How to sum up how to save the Earth in a single poem
by Liza Wolff-Francis

The only thing I think to say is we can’t give up.
Maybe the answers would be better
sung from a mountaintop, or whispered
in a rainforest with the peel, teething
of a mango, its juice runny orange-yellow
down the chin, slick seed threads stick to teeth
and lips. Monkeys hover
near the fruit fallen on deep brown dirt
below scratch scrap strips of bark. Maybe
we just need to listen to the answers in plain speak
from melting glaciers, raging storms,
the missing rain. Scientists say
there are three things to do. Three is not a lot,
though they are three big things, but still,
we can’t give up.

First, they say, produce more food on less land
so large-scale agriculture doesn’t de-forest us,
pollute our water or drink it up,
doesn’t devastate habitats of bears, foxes,
wolves, coyotes, mountain lions, orangutans,
tigers, elephants, rhinos, the cheetah,
African wild dogs and hairy-nosed otters.
But also, not least, the monarch butterfly,
bees, moths, wasps, and flies. They say humans
would only survive a few months if all insects
were to go extinct. I think of all the ones
I have killed in my short lifetime. I will try
to do better. I can’t give up.
The way we farm, they say,
releases a lot of carbon. This
is mostly how we eat right now,
so even more so, we can’t give up.

Second, they say stop overfishing—
just stop it entirely. Only take
what fish populations can tolerate right now,
in this moment in time, so our oceans
are full of coral, of seaweed, of salmon,
of tuna, of swordfish, of octopus, of dolphins,
of seals, of whales, of turtles,
of my body and your body diving into cool clean
salt waters. Overfishing threatens food,
leaves ghost gear the weight of tens of thousands
of double decker buses underwater, net
upon net upon net lining the floors of our oceans.
Think of all the people who rely on seafood,
for livelihood, for nourishment.
For them alone, we can’t give up.

Third, they say, increase clean energy.
Shift world energy supplies
to solar, to hydrogen, to wind,
anything but fossil fuels. Reforest, they say,
capture carbon dioxide as if you were a child
with a golf course green net, waiting for magic.
Fossil fuels may seem like tradition, like identity,
like who we are comes from what we have known,
like life as we know it is threatened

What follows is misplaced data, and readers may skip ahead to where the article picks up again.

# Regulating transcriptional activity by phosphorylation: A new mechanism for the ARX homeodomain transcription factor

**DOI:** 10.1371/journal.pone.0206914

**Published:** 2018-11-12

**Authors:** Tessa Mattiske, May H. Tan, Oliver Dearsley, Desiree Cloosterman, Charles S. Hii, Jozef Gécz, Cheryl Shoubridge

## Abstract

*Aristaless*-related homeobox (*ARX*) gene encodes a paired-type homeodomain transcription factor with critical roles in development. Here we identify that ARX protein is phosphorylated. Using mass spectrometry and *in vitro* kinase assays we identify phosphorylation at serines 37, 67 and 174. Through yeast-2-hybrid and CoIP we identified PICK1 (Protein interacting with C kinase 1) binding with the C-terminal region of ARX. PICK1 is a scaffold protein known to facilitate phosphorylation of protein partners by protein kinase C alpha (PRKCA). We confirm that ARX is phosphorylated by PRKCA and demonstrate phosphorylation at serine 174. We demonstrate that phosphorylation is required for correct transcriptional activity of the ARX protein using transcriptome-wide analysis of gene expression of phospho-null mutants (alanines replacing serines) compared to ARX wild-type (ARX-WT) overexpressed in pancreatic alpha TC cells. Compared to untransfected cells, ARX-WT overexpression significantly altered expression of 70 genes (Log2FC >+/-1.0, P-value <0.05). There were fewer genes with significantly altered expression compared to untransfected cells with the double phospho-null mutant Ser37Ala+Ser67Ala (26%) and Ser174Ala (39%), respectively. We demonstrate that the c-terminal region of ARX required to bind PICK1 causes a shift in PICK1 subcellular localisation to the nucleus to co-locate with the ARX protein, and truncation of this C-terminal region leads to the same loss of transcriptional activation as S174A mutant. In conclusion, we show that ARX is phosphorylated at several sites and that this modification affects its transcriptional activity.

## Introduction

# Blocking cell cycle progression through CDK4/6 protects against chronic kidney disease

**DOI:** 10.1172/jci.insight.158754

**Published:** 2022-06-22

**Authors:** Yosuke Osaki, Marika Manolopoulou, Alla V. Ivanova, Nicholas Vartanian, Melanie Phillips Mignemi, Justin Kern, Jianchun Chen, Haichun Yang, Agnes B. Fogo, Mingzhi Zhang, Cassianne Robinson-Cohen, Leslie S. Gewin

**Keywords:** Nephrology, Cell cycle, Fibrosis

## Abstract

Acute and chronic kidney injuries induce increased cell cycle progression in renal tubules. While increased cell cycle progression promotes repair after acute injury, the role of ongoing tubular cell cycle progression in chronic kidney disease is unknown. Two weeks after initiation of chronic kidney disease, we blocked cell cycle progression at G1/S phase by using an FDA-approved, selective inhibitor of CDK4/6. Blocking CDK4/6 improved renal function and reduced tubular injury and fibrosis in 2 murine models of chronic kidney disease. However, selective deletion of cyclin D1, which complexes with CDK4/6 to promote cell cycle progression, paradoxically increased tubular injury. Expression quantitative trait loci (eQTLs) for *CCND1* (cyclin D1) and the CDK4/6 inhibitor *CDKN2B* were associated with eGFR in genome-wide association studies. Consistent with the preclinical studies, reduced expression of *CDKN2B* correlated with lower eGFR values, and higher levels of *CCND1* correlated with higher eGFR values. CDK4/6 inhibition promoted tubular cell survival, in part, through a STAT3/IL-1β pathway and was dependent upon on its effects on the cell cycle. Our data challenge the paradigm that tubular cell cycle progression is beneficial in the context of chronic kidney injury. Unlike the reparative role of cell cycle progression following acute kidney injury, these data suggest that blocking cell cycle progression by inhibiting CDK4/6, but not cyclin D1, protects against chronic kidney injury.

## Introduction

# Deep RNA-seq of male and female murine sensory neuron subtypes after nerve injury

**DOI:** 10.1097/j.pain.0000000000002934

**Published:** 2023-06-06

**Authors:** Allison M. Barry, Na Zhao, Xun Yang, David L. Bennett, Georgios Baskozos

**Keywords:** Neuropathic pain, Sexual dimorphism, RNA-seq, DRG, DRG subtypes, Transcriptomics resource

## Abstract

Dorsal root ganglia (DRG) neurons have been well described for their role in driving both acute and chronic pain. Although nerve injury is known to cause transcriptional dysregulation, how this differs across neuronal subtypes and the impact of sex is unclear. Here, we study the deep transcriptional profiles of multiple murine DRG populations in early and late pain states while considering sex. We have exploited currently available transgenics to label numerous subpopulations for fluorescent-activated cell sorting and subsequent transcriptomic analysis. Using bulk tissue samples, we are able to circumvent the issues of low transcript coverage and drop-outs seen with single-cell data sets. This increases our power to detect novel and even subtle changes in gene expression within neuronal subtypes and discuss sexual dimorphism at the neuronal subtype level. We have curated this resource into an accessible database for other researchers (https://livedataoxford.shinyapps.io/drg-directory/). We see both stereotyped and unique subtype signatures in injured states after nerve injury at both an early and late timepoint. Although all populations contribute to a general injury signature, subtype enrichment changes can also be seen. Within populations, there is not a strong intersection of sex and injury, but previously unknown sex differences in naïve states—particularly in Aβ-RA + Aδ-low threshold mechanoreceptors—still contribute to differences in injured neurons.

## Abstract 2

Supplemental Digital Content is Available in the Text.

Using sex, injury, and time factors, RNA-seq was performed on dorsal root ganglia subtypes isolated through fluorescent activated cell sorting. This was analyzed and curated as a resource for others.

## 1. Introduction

at the disappearance of fossil fuels, but really,
life as we know it is disappearing
because of fossil fuels. We have used them
for so long, we trust them like brand loyalty,
but for the child I was, for the child I have,
for the child you have and the child you were,
for the children we know, and for the children
we don’t know, we can’t give up.

These three things are the main things.
They are three big things we need
people with big voices and power to change,
but we can make this better. If you love
being alive like I do, love the Earth, love
each sunset, each new moon, ocean water on toes,
wind over desert, river water on forehead,
changing colors of leaves, bears in the forest,
cardinals in snow, the caw of crows,
you also know, we can’t give up.

PAINTING: Jungle Songs by Jahar Dasgupta.

NOTE FROM THE AUTHOR: Sometimes when I look at the climate crisis I feel overwhelmed, but I also believe there are solutions. I believe as individuals we can do important small things to support a healthier planet and I also believe knowing what we can do as a world and what action our leaders need to take helps to make us stronger advocates for humanity, for the Earth, and for our future. I firmly believe we have to maintain hope and that even when we feel we might want to, we can’t give up.


ABOUT THE AUTHOR: Liza Wolff-Francis is a poet and writer with an M.F.A. in Creative Writing from Goddard College who served two terms as a member of the Albuquerque Poet Laureate Program’s Selection Committee and continues on the organizing committee. She was chosen to write in Tupelo Press’ 30/30 poetry challenge for the month of September 2020. Her writing has been widely anthologized and her work has most recently appeared in the magazine El Palacio: Art, History, and Culture of the Southwest, Steam Ticket, We’Moon, among others. She has a chapbook out called Language of Crossing (Swimming with Elephant Publications, 2015).